By SDCN Editor
San Diego, CA–Senator Brian Jones (R-Santee), San Diego County District Attorney Summer Stephan, and Chula Vista Police Chief Roxana Kennedy held a press conference Friday morning in which they viewed a demonstration of how quickly and easily catalytic converters can be stolen and pending legislation to help prevent those thefts.
The press conference was held at Barrio Auto Service, located at 2490 Commercial Street in San Diego, and employees of the repair shop showed the assembled community leaders and members of the media just how quickly the theft of a catalytic converter can occur.
“Two, three, maybe four minutes, and there goes your vehicle’s catalytic converter off with the thief to be fenced for a quick few hundred bucks,” stated Senator Brian Jones. “The cost to the vehicle owner however can be thousands of dollars in parts and repair costs, not to mention other expenses such as missed time from work or arranging for alternate transportation. Our legislation will go a long way to help prevent these thefts from occurring by increasing the risk of getting caught and narrowing the options for illegal sales.”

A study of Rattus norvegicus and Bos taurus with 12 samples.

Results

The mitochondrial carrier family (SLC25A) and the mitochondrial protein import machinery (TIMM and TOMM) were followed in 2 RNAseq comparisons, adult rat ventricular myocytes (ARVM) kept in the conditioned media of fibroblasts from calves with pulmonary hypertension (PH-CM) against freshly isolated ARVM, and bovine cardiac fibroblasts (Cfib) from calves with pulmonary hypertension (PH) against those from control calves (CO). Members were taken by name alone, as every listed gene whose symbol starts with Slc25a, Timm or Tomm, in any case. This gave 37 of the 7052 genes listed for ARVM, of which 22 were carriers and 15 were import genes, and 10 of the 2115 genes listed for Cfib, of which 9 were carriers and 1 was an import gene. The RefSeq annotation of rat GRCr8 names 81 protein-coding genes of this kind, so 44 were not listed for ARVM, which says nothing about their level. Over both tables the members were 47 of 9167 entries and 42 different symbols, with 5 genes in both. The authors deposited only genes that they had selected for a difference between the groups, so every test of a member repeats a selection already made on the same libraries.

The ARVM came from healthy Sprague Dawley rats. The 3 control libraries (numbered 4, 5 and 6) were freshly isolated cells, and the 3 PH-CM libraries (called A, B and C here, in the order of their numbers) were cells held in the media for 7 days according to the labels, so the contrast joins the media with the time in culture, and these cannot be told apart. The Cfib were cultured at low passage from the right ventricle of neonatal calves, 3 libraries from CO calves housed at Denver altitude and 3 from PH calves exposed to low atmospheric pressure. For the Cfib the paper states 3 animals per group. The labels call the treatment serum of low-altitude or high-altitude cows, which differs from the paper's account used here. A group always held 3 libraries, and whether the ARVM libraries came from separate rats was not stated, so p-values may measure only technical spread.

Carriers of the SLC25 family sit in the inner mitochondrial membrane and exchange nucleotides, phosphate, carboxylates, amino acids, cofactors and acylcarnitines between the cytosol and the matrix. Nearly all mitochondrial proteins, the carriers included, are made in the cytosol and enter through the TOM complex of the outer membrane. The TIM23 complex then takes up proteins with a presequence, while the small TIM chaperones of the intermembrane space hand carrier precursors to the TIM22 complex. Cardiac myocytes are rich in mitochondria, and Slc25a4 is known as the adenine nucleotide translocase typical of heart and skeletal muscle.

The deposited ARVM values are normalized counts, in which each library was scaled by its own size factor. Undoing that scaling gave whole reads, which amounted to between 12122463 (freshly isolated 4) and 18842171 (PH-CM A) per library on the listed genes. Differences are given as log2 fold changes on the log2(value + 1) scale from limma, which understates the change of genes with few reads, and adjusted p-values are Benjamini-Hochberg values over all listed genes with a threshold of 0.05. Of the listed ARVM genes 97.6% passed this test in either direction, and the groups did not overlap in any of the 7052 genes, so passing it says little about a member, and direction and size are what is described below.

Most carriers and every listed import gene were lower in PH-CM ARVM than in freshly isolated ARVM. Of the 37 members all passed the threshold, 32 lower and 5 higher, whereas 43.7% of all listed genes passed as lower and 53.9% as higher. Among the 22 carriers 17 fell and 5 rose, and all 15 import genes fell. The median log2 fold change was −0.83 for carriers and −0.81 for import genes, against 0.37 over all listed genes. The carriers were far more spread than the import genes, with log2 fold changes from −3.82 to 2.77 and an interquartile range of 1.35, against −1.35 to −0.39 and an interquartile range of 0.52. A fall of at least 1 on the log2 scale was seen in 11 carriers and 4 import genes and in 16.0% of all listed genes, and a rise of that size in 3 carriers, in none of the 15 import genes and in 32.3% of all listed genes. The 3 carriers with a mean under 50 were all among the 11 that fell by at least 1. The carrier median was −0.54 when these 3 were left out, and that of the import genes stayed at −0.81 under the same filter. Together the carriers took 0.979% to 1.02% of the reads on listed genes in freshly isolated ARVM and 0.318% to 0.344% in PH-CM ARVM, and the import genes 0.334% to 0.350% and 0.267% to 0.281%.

Specifically, Jones’s Senate Bill 919 will combat the theft of catalytic converters in three ways:
- Identification – the dealers of all new and used cars in California will be required to permanently mark a vehicle’s catalytic converter with the Vehicle Identification Number (VIN) already assigned to the car or truck. This will make tracking and identifying stolen catalytic converters easier;
- Recycling – metal recyclers would only be allowed to buy catalytic converters that have a clear and untampered VIN on it, and keep detailed records of who sold them the converter. These records would be accessible to law enforcement which will help cut of the current loose practice of selling and buying catalytic stolen converters; and
- Punishment – while some potential jail time and fines are already in current law, those fines would be raised further increasing the risk of buying, selling or possessing a stolen catalytic converter, thus discouraging many of those thefts in the first place.
The theft of catalytic converters is drastically increasing throughout the country as a result of the rising cost of precious metals and the effect of supply chain problems on the availability of replacement catalytic converters. More catalytic converters were stolen in California last year (18,000) than in any other state, and thefts in California account for 30% of the related insurance claims in the nation.
SB 919 is set to be heard on April 4 by the Senate Business, Professions and Economic Development Committee. SB 919 is sponsored by the Chula Vista Police Department and is supported by the San Diego County District Attorney.